Even to the most committed car enthusiast, a new Porsche 911 – the latest version of which was just launched in Singapore – can be hard to tell apart from its predecessors.

How to tell the new Porsche 911 apart from its predecessors

The eighth-generation Porsche 911 has just been launched in Singapore. (Photo: Porsche)

The Porsche 911 is the poster-child of incremental evolution, and apart from its great leap forward with the 996-generation car in 1998, changes to the model have happened at a glacial pace, better measured in geologic time than in model generations.

As such, changes between this new model – codenamed the 992 – over the preceding 991 model are a blink-and-you’ll-miss-it affair.

But never fear, here’s a handy guide to telling the new, eighth-generation Porsche 911 apart from its predecessors, so you too, can bluff your way through a conversation about what is arguably the world’s most iconic sports car.


While the new car’s silhouette is largely unchanged from before, its bodywork has been subtly revised. Now, all 911s will have a widebody, a trait once the purview of variants higher up the (extremely) tall model tree.

And that brings along a host of benefits, including wider tyres and wider tracks (the width between the tyres), allowing for more confident handling.

The skin of the car has also been reworked, though you wouldn’t be able to tell, unless you have a mass spectrometer handy. The steel body panels have been replaced with aluminium ones, which bring about some weight savings.


(Photo: Porsche)

At the front, the new 911 has a redesigned headlight cluster housing all-new LED headlights, though it probably isn’t apparent even to the nerdiest of Porsche fanatics.

What is a little different, however, is its bonnet. No, Porsche hasn’t suddenly had a change of heart and relocated the engine to the front, though the more angular design and squared-off edges of the bonnet, however, is something unique to the new 911.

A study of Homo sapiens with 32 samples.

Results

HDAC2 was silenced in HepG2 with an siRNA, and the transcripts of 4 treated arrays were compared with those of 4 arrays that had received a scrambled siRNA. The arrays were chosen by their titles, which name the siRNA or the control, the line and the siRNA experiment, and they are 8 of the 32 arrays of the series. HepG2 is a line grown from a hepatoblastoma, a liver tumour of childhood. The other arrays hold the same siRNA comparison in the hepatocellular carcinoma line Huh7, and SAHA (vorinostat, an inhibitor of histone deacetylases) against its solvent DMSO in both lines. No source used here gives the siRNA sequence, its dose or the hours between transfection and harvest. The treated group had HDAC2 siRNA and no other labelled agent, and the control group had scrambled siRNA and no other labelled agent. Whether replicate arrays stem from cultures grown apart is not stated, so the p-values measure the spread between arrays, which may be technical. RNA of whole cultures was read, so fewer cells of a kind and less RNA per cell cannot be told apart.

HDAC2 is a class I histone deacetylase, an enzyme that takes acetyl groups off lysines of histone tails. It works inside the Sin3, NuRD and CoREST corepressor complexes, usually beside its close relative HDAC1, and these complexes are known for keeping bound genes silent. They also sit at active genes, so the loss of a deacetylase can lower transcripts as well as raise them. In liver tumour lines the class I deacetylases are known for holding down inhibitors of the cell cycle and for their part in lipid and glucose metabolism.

Well, sort of, anyway. Along with the two creases near the top, the design of the bonnet is supposed to echo the look of 911s from the 1960s and 1970s.


(Photo: Porsche)

The front of the new 911 may look barely touched, but at the rear, its changes are more readily noticeable.

The new rear bumper hides larger exhaust tips, and we have to say it looks pretty good, presenting a far more integrated look than the car that came before it.

Look a little further up and you’ll notice the biggest change in the new 911 – the new light bar spanning the width of the car and wrapping around the taillights, above which is the full-width rear spoiler.

That’s deployed automatically at speed to generate aerodynamic downforce and stowed at lower speeds to preserve the clean lines of the car’s rear end.

The vertical slats above its engine (thank heavens, the engine is still in the ‘wrong’ place) are a carryover from before, but the vertically-oriented third brake light is a new addition.

Here’s an interesting bit of trivia: Rear-wheel-drive 911s (the Carrera S) have matte black slats, while all-wheel-drive models (Carrera 4S) have chrome-topped slats. It also speaks volumes that Porsche hails this as a “distinguishing feature” of the new car.


Porsche says the new 911’s wing mirrors have been completely reworked with a new design to not only look better, but to reduce wind noise when the car is travelling at high speeds. A boon, perhaps, to a car that is geared to max out at just over 300kmh.

What’s more interesting, though, is what’s going on just below and behind those wing mirrors.

The new 911 has, wait for it, new exterior door handles that electronically retract when the car is in motion and pop out only when needed. A small change, perhaps, but it does wonders for the smoothness of the car’s profile, presenting a cleaner look for the exterior.


(Photo: Porsche)

The biggest changes to the 911 come in its interior, an interior that Porsche boasts is the most digitally advanced 911 of all time.

A raft of safety systems, including a Wet Mode as standard, can automatically detect damp tarmac and set up the car accordingly to keep you on the straight and narrow. Automatic collision detection, warning and mitigation systems also keep occupants safe in the event of the unthinkable.

But those aren’t quite so obvious. What is obvious is the new 10.9-inch touchscreen dominating the centre of the cabin. Just off to the side of that is the mostly digital dashboard with configurable displays, so you can show the map, trip data, tyre pressure, engine telemetry or whatever strikes your fancy.

In the centre of it all is a link to Porsches of the past, but of course. The centrally-mounted rev counter is analogue, that is to say it has a physical dial and needle, a throwback to past glories.

And if that isn’t the 911 in nutshell – a glorious melding of the retro and modern – we don’t know what is.